10 of the Dirtiest Things You Touch Every Day


Some of the things you touch all the time are absolutely teeming with bacteria. And we're not talking obvious-seeming offenders like toilet seats, either. Believe it or not, those are actually cleaner than the culprits listed below (which appear in no particular order). So grab your favorite sanitizer, microbe-loathers: It's time to dive in and get our hands dirty.


Scrub-a-dub-dub! The very items you use to clean your hands and dishes are among the filthiest objects you encounter, according to numerous ick-inducing studies [PDF]. Kitchen sponges are the worst, with as many as 10 million bacteria per square inch—about 200,000 times more than your friendly neighborhood toilet seat.

Dishcloths are also filthy: Researchers in one study, which analyzed 82 dishcloths from five major cities in the U.S. and Canada [PDF], found E. coli on 25.6 percent of towels and Salmonella on almost 14 percent of the dishcloths. Another study [PDF], published a year later, had similar findings. "Towels were the most contaminated of all the contact surfaces we tested," lead study author Dr. Jeannie Sneed, a Kansas State University food safety specialist, told Prevention.


From the basins to the handles, the places you go to get water could do with a thorough scrubbing. The kitchen is worse than the bathroom, amazingly, but both can be covered with all kinds of yecchy bacteria. In fact, some research by the brave souls at NSF International found coliform bacteria—a family that includes both Salmonella and E. coli—in a whopping 45 percent of kitchen sinks. For comparison, only 9 percent of bathroom sink handles had the same bugs present.

Thinking about switching to the shower for all your germ-blasting activities? Think again: A 2009 study found household shower heads are frequently home to pathogens called Mycobacterium avium, which can play a role in causing pulmonary disease. Yikes.


Open wide: That brush you've been running over your pearly whites probably has more germs than your dog’s entire mouth. The reason isn't what's in your chompers but rather what's on and around your enamel-polishing apparatus. First, most of us leave our toothbrushes wet when we're done—a lovely place for nasty-sounding stuff like Serratia marcescens, which can cause meningitis, to settle.

Second, our toothbrushes tend to be close to our toilets—and if you flush with the toilet lid up, everything within a 5- to 6-foot radius is getting sprayed with aerosolized fecal matter. So ... shut that lid.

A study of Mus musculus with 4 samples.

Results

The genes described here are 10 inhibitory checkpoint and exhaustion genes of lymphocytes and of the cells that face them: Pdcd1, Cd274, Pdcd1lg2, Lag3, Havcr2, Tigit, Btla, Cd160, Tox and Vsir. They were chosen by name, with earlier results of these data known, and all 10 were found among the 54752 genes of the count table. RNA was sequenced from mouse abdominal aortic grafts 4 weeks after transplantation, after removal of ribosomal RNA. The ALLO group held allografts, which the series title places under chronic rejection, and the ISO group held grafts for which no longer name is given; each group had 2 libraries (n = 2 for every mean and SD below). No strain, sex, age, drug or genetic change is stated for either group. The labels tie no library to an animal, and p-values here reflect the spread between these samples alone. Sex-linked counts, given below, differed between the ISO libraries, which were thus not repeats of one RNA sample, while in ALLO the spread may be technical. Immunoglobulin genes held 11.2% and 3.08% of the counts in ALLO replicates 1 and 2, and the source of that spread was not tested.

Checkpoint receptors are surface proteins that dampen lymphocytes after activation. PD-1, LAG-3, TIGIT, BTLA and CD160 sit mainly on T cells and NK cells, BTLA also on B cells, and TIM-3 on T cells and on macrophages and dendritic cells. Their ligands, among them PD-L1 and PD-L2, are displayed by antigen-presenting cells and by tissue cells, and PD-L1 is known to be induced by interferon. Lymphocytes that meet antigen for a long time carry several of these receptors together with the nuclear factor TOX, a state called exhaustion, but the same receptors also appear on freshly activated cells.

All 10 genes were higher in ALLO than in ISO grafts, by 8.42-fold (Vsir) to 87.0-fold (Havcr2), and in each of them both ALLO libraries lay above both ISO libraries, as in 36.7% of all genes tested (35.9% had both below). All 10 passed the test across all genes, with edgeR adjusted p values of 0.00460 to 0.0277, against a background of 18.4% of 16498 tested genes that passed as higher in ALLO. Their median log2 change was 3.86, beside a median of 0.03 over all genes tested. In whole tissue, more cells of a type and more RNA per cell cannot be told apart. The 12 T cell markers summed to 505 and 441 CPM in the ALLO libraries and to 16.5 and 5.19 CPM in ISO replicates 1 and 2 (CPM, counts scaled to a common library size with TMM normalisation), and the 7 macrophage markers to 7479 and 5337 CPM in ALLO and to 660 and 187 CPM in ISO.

Going for a snack? Consider putting on gloves first: The handle to your home refrigerator door could be playing host to a variety of foul germs, not to mention regular yeast and mold. On the plus side, remembering said info could help curb your appetite the next time you're trying to drop a few pounds.


Cutting boards are among the worst offenders when it comes to harboring dangerous bacteria. Depending on which expert you ask, kitchen chopping surfaces can have anywhere from 50 to 200 times as much bacteria—everything from E. coli to Salmonella, which can cause severe stomach illness—as an average commode.


Sorry, channel surfers, but your clicker's covered with germs—Coliform bacteria, mold, and potentially even the infection-causing Staphylococcus aureus, which NSF International found on 14 percent of household remotes.

And if you think the one in your house is bad, you should see what scientists have detected on hotel room remotes: an average of 67.6 colony-forming units of bacteria per cubic centimeter. For perspective, that's more than 13 times the maximum acceptable level recommended for hospitals. So maybe put on some gloves before grabbing the remote.


Incoming message: Your smartphone is caked with countless types of bacteria—including ones whose names alone might make you feel phantom symptoms as often as you feel phantom phone vibrations (among them is our old pal Staphylococcus aureus, which can cause skin infections, pneumonia, and food poisoning, among other awful conditions). If some studies are to be believed, that petri dish in your pocket packs 10 times as many germs as a public bathroom's toilet.


Quick, ladies: When's the last time you cleaned your purse? The answer is probably "not recently enough." A 2012 swab test found beaucoup bacteria in handbags, with germs lurking everywhere from the handles to the items inside (especially those related to makeup).


You know those wipes most groceries have sitting out by the carts? Start using them: Researchers say almost all supermarket carts have E. coli because of the frequent food contamination.

Reusable grocery bags aren't much better: A 2010 analysis found frequent traces of E. coli on totes, too, and went as far as to call them "a serious threat to public health"—particularly for young children.

The solution? Wash, wash, wash—thoroughly and after every single trip to the store. Also, do whatever you can to avoid mixing raw foods with other items, since that's where much of the trouble arises.


Staph, Coliform, yeast, and mold are among the tasty treats likely to be hiding in the crannies of your favorite QWERTY keyboard. And on that note, if you'll excuse us, we need to go wash our hands a few dozen times.